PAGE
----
Seasonal Reflection: St. Clare of Assisi

Thomas Hartle, OFM Features

The feast of St. Clare, lifelong friend of St. Francis of Assisi, is celebrated Aug. 11. Below, Holy Name Province’s spiritual assistant to the Poor Clares shares his thoughts on the first abbess of the Second Order of Franciscans.

In an age when the Church was attempting to renew itself — coming to terms with a century of change and coping with movements seeking a return to a more authentic Gospel life — the institutional Church was ill equipped to respond adequately.

While trying to adapt to a changing world, the Church sought to check and contain, if not completely enclose, the new society that was emerging.

A major paradigm shift was taking place and the Church was slow to take stock of the economic revolution and the growth of urban society that was increasingly manifesting itself. Instead, the Church opted to remain entrenched in rural feudalism.

A Push and Pull
To this end, the Church relied upon arid legalism, a bureaucratic and autocratic papacy, and the Roman curia to address the major issues of the times. But history would show that the institutional Church was ill adapted, if not powerless, either to suppress or to meet the challenges of history. Among them were:
· The onslaught of money
· The rise of nationalism
· New forms of violence (wars between cities and towns, the Crusades, majores vs. minores)
· The struggle between attraction and resistance to wealth, power and fleshly pleasures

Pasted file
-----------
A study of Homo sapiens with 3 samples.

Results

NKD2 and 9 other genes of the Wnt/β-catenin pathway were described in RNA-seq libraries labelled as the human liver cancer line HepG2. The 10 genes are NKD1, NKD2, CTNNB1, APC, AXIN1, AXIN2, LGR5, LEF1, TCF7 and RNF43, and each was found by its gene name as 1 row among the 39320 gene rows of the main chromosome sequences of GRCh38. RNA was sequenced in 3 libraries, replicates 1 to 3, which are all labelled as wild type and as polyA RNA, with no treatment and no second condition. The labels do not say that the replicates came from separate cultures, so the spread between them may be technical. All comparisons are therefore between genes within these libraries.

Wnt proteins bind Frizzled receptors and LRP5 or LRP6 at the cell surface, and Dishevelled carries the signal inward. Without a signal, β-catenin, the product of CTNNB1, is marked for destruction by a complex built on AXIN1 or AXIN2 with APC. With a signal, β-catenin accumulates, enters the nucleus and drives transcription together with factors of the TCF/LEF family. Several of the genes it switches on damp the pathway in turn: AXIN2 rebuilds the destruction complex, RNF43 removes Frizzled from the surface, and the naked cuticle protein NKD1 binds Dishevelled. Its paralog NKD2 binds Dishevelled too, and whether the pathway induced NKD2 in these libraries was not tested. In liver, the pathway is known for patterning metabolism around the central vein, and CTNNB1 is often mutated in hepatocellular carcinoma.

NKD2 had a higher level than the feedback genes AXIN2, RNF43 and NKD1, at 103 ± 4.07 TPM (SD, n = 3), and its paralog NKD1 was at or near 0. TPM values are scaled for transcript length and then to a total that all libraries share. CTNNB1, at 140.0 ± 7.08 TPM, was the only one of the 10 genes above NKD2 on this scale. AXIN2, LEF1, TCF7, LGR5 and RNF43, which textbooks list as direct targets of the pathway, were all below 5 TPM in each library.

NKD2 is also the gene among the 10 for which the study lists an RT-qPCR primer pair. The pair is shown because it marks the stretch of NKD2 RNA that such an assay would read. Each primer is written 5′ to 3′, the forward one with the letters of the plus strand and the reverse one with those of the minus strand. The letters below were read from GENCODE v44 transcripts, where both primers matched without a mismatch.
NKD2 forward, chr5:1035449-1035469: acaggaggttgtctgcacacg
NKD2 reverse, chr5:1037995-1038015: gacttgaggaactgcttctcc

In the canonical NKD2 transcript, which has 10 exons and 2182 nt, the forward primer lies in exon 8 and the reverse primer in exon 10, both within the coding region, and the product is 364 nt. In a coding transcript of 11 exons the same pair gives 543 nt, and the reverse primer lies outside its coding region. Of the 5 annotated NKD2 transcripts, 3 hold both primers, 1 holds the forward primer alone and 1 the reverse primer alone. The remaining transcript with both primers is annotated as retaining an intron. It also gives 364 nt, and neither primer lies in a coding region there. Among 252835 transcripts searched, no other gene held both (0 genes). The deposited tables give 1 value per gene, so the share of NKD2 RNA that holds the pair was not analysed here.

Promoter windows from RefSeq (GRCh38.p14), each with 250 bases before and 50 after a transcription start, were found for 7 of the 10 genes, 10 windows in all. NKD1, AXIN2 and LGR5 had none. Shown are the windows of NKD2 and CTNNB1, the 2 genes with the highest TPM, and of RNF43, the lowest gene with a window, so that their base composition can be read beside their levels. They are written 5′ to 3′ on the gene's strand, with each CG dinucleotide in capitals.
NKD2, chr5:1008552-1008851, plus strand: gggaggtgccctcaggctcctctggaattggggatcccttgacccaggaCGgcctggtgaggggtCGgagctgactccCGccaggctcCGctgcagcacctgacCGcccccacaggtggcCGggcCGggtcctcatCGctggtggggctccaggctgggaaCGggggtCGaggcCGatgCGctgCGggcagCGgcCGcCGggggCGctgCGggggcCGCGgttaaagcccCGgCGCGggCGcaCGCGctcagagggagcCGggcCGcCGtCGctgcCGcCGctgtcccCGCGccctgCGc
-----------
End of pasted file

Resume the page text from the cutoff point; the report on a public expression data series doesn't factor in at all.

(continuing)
It was into this world that Clare and Francis of Assisi chose to live the Gospel by following in the footsteps of Jesus Christ. It was folly to the Assisians and a stumbling block for the institutional Church; but to Clare and Francis, it was joy and salvation.

HartleThomas1Clare’s Response
To this end, Clare entered into a love affair with Christ that grew and deepened in the crucible of suffering that was to afflict her. The death of Francis, her extended period of sickness following his death, and the attempted efforts of Rome to moderate and interfere with her way of life, seem to have fueled her inner life as the spouse and lover of Christ.

A formidable person, Clare was a woman with whom to be reckoned. Determined and combative, she was a woman with infinite patience. She used stubborn diplomacy and perseverance to carry out her plan of life, even defying the pope over the issue of absolute poverty. She assumed responsibility for the steps necessary to assure the success of what she valued above all else: to live the Gospel and follow Jesus Christ while remaining close to Francis and the Order and faithful to the Church. This fidelity was not without suffering; she rebuffed all pressure from anyone who tried to convince her to bend.

When death finally came to embrace Clare, she spoke to herself and said, “Go securely and in peace, my blessed soul. The One who created you and made you holy has always loved you tenderly as a mother her dear child. And you, Lord, are blessed because you have created me.”

Clare of Assisi was a woman with a sense of wonder who delighted in the Lord. She was a woman of light who enlightened many. She was aflame with the love of God and was a woman ahead of her time. Her holiness was manifested less by miracles performed than by a virtuous life lived. We can infer from Clare that holiness is not the absence of imperfection or character defects, not even the absence of sin, but rather a life lived in the awareness of God’s presence.

Certainly, her presence radiated the light and goodness of her Lord.

— Fr. Tom, who lives in Boston, was appointed spiritual assistant to the Poor Clares in 2008, after having served in this role for 10 years previously.